An atlas of impossible longing by Anuradha Roy: A book review.

It is a story of three generations set in West Bengal, recited in three different parts of the novel. The story of Amulya Babu, Kananbala, Mr. and Mrs. Barnum is told in narrator’s point of view. An uncaring husband and the confinement within four walls in a quiet neighborhood of Songarh pushes Kananbala to insanity. She spends her life looking at passerbys outside her room window. On one such occassion, she becomes witness to a heinous crime and eventually befriends Mrs. Barnum from across the house. The first part of the novel ends with the end of the first generation and the beginnings of second and third generations of the family. As the new head of the house, Kamal, Amulya’s son, is made responsible for the family business while the second son, Nirmal, grieves his dead wife and goes on various wanderings of his own, leaving his daughter behind at home. In the meantime, Bakul, Nirmal’s daughter grows up with an orphan boy called Mukunda and explores her desires. As they reach the brim of puberty, Mukunda is sent away to Calcutta in the pretext of better education. The story constantly presses upon the depression Songarh (the little town where the family resides) brings to the women of the family, for the lack of social life. Irrespective of all their lamentations, the family stays on. The third part of the novel is told in the perspective of Mukunda, an orphan boy brought up by Nirmal and his family.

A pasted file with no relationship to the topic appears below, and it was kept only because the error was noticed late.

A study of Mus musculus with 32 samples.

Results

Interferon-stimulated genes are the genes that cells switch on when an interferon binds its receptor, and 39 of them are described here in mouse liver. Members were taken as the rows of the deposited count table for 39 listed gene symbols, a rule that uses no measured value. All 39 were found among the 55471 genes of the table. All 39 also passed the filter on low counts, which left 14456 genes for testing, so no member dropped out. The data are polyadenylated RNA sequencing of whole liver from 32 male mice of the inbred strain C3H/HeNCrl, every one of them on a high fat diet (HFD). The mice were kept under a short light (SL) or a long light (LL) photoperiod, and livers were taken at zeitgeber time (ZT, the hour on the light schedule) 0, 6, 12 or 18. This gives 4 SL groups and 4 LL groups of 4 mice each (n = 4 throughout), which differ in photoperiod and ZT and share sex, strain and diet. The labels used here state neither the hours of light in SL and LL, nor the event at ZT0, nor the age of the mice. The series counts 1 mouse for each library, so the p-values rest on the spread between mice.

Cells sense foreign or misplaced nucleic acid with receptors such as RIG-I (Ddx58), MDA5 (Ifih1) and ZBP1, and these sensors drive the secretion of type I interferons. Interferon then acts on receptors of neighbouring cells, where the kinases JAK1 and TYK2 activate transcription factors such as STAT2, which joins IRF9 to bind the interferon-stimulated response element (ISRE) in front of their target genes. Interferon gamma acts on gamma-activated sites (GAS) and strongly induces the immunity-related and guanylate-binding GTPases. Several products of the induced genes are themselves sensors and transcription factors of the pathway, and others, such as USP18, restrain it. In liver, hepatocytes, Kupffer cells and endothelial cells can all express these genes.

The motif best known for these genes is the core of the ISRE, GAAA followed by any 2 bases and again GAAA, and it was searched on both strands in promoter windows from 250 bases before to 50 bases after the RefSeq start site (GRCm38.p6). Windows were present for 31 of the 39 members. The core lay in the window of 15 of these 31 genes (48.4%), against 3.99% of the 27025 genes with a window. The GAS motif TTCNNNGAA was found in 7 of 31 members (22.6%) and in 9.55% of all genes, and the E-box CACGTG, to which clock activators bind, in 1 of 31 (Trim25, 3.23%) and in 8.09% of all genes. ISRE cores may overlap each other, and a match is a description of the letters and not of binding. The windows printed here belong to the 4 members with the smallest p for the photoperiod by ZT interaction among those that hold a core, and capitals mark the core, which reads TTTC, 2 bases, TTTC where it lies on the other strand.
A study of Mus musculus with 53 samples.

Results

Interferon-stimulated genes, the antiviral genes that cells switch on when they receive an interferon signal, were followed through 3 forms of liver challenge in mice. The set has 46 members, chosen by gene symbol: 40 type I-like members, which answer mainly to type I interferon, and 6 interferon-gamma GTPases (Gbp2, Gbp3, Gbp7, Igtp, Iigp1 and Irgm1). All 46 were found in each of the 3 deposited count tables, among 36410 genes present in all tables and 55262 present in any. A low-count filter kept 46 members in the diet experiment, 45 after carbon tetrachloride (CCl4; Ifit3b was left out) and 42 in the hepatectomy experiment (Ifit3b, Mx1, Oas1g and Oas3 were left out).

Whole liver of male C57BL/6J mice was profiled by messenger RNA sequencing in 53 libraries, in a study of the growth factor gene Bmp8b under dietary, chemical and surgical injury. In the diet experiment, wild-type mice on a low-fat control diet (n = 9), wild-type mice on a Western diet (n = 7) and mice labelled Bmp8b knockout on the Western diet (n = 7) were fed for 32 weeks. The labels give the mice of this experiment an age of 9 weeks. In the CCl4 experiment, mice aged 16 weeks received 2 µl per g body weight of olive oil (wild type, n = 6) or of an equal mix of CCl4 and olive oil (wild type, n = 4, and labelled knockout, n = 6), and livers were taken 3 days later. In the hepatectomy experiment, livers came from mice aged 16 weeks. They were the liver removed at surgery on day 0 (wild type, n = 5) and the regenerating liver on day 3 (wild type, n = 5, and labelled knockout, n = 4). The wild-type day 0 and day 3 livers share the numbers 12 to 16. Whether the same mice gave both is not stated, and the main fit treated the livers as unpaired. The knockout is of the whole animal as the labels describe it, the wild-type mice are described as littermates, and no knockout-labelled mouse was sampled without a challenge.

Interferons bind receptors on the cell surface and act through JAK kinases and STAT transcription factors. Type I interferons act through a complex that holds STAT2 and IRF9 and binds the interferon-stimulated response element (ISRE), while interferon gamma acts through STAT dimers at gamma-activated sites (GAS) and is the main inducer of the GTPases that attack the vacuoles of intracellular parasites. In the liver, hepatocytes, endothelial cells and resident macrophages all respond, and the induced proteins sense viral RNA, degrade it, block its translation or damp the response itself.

The story is centered around Mukunda and his impossible longings for affection and belongingness. Treated as an untouchable as a child and unwanted in the house where he was brought up, he longs for the companionship he shared with his childhood friend and lover, Bakul. His separation from Bakul brings forth hatred towards those who push him out of the house. This hatred stops him from contacting them ever again. However, distance doesn’t dull their longing for each other. Destiny brings them both together at several occasions and what happens in their lives because of that is the gist of the story. The story is slow paced, the writing is legible, coherent and easy to understand. The writing style is poetic and formal.

The plot is gripping and the characters are very well written. The novel also touches upon the effect of partition on Muslim communities in India and it really touched me as a reader. I loved the depth provided to the characters and the way the plot flowed smoothly. I really enjoyed reading the book and I highly recommend.

I suggest reading the book for the characters and the journey rather than for the ending.